A recession likely looms from the Federal Reserve’s attempts to control inflation through interest-rate increases, according to Florida State University economics professor Randall G. Holcombe.
“The best-case scenario would be an economic slowdown,” said Holcombe, the DeVoe Moore Professor of Economics. “Economic growth would slow, with minimal effects on unemployment. Even so, expect the unemployment rate to increase. The worst-case scenario would be a major recession.”
The Fed moved Wednesday to increase its federal funds rate — the rate at which banks borrow and lend to one another overnight — 0.75 percentage point to a target range of 1.50%-1.75%. It marked the third rate increase this year from the central bank, which hadn’t previously raised rates since 2018, and the largest increase since 1994.
Like other economists, Holcombe suggests the Fed has little choice but to raise interest rates as inflation continues to soar and force Americans to spend more of their money on necessities such as food and gasoline.
He adds: “The last time inflation got out of hand, requiring strong policies to control it, was in the early 1980s, and one consequence was a major recession. That could happen again.”
News organizations can reach Holcombe at firstname.lastname@example.org.
Other FSU experts on interest rates, investments and the economy include:
William Christiansen (email@example.com), the Truist Associate Professor of Finance and longtime chair of the Department of Finance in the College of Business. Christiansen has published articles on macroeconomic policy and economic performance issues, among various topics. After the Fed’s March rate increase, he said the central bank’s objective was to “lower inflationary pressures without causing extreme slowing in the economy. It’s very challenging in the current environment.”
After Wednesday’s news, Christiansen said the rate-setting Federal Market Open Committee “had to take an aggressive approach to address the high inflation rate. We need to slow down inflation. What we should note is that this likely will slow down the economy and likely will bring down inflation as caused by overheating, or the demand side, but we still have a problem with the supply side and the supply-chain stress that we are feeling, because it as a global measure. The Fed can’t do much about that.”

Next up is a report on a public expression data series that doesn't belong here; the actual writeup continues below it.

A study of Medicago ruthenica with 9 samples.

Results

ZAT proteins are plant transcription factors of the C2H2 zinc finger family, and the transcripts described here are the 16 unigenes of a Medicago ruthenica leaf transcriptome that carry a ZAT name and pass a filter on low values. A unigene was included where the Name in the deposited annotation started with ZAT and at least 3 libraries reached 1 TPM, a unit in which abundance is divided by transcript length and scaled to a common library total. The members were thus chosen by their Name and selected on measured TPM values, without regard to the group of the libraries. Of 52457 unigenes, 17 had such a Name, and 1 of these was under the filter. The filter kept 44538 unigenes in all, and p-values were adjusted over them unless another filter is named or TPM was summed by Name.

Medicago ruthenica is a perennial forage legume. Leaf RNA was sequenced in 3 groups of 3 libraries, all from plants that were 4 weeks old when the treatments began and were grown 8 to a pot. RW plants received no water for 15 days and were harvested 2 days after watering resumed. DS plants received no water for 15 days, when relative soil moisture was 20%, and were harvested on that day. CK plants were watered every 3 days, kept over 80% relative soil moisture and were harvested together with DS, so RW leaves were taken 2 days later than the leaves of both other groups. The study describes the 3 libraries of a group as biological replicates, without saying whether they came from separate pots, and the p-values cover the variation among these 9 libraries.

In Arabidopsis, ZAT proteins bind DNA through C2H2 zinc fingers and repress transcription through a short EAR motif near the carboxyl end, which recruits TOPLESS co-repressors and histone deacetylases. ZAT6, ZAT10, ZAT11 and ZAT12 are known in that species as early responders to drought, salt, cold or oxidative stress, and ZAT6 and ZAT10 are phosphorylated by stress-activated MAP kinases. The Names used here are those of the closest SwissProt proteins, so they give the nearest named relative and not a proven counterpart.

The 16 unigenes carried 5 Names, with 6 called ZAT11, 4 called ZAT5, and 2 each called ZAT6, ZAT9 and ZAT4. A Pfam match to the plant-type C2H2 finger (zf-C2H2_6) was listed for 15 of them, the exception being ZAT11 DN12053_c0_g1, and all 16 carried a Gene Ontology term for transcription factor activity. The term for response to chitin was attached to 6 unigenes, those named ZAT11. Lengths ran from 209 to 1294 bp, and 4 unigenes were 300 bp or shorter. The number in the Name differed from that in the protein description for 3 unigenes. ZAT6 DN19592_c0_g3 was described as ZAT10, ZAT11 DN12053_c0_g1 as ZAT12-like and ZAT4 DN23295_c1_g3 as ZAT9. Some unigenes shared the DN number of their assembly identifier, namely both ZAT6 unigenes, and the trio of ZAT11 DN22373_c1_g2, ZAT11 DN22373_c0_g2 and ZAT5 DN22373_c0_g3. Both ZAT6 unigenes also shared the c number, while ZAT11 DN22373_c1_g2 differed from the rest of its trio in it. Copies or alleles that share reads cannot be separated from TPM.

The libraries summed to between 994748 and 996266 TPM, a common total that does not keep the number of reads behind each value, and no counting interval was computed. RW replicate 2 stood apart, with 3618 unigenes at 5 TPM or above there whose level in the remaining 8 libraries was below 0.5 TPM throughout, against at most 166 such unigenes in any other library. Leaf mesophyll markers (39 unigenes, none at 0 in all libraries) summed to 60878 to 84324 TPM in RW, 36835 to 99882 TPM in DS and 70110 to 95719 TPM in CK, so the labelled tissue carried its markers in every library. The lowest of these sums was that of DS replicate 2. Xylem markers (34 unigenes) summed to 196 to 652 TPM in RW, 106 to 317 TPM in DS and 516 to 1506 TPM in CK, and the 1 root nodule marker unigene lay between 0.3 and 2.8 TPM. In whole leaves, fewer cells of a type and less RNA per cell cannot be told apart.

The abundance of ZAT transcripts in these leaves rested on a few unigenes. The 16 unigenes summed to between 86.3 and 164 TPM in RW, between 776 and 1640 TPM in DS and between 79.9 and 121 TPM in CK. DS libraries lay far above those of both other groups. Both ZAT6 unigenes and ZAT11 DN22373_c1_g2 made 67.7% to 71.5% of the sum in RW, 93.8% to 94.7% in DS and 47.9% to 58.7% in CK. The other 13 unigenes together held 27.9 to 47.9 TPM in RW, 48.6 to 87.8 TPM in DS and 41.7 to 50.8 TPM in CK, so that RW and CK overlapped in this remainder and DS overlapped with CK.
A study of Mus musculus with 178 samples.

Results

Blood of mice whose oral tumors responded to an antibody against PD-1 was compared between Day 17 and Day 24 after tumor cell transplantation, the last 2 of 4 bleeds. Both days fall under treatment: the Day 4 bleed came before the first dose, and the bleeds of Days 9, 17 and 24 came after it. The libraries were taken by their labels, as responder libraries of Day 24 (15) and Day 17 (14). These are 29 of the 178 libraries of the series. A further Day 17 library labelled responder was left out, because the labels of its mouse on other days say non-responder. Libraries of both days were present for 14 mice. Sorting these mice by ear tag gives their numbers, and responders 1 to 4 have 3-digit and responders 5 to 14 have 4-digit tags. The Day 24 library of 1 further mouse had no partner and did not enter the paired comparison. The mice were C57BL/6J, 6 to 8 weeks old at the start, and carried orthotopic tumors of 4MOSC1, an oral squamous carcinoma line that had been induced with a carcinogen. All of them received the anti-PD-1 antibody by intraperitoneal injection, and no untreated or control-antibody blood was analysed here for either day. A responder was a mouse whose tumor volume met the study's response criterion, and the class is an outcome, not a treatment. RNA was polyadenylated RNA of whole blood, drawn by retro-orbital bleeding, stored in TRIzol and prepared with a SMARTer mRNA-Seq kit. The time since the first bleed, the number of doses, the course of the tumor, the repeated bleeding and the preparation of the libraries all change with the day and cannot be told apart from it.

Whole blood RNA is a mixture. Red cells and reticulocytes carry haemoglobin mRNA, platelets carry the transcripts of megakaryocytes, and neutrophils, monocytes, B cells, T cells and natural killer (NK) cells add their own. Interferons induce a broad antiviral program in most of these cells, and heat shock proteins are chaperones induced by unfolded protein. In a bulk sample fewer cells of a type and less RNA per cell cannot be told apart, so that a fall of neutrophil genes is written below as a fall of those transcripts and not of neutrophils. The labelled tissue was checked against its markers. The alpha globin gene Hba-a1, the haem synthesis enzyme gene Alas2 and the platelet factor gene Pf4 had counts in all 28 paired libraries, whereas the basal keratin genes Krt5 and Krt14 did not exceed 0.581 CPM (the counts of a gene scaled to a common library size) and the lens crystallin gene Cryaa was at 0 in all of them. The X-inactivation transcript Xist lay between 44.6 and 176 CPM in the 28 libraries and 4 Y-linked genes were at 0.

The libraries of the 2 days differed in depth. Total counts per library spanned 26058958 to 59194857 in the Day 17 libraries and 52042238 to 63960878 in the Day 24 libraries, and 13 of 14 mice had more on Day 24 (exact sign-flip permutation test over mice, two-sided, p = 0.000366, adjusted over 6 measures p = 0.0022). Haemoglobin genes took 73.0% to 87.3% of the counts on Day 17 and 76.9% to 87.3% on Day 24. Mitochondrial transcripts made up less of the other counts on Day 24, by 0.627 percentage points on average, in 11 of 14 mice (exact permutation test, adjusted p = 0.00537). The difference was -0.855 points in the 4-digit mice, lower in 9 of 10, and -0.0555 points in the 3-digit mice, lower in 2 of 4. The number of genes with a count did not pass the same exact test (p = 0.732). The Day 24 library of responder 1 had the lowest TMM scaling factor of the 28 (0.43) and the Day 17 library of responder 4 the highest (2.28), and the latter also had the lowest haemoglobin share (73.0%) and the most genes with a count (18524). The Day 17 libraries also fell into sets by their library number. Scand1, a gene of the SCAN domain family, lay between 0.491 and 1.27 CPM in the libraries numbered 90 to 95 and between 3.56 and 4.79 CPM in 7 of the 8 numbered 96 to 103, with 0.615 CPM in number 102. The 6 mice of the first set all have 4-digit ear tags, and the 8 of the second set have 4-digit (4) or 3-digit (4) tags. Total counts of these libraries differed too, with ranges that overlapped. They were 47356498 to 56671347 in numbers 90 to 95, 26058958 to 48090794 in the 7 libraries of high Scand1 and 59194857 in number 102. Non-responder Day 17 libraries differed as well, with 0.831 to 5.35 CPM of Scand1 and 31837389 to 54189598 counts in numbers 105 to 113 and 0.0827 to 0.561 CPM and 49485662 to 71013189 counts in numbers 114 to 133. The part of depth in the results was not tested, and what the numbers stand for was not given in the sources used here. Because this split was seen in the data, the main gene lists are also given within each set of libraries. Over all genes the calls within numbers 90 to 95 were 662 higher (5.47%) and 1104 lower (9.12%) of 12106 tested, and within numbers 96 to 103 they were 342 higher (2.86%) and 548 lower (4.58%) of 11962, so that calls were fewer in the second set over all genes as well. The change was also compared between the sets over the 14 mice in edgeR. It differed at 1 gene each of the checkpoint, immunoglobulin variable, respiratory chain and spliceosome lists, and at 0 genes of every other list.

Steven Perfect (firstname.lastname@example.org), an associate professor in the Department of Finance. He has published various articles in peer-reviewed academic journals, including Financial Management; the Financial Analysts Journal; the Journal of Banking and Finance; the Journal of Derivatives; and the Journal of Empirical Finance. Before returning to academia, he directed options trading, quantitative analysis and risk analytics for energy companies.
Perfect said Wednesday’s action was “pretty fully priced into valuations over the past several days” and that “stock values may consolidate in the near term as the market evaluates the seriousness of the Fed in combating inflation. The Fed will attempt to thread the needle on reining in inflation while not slamming economic growth. Past experience is not very comforting when judging their likely success, but we can always hold out hope.”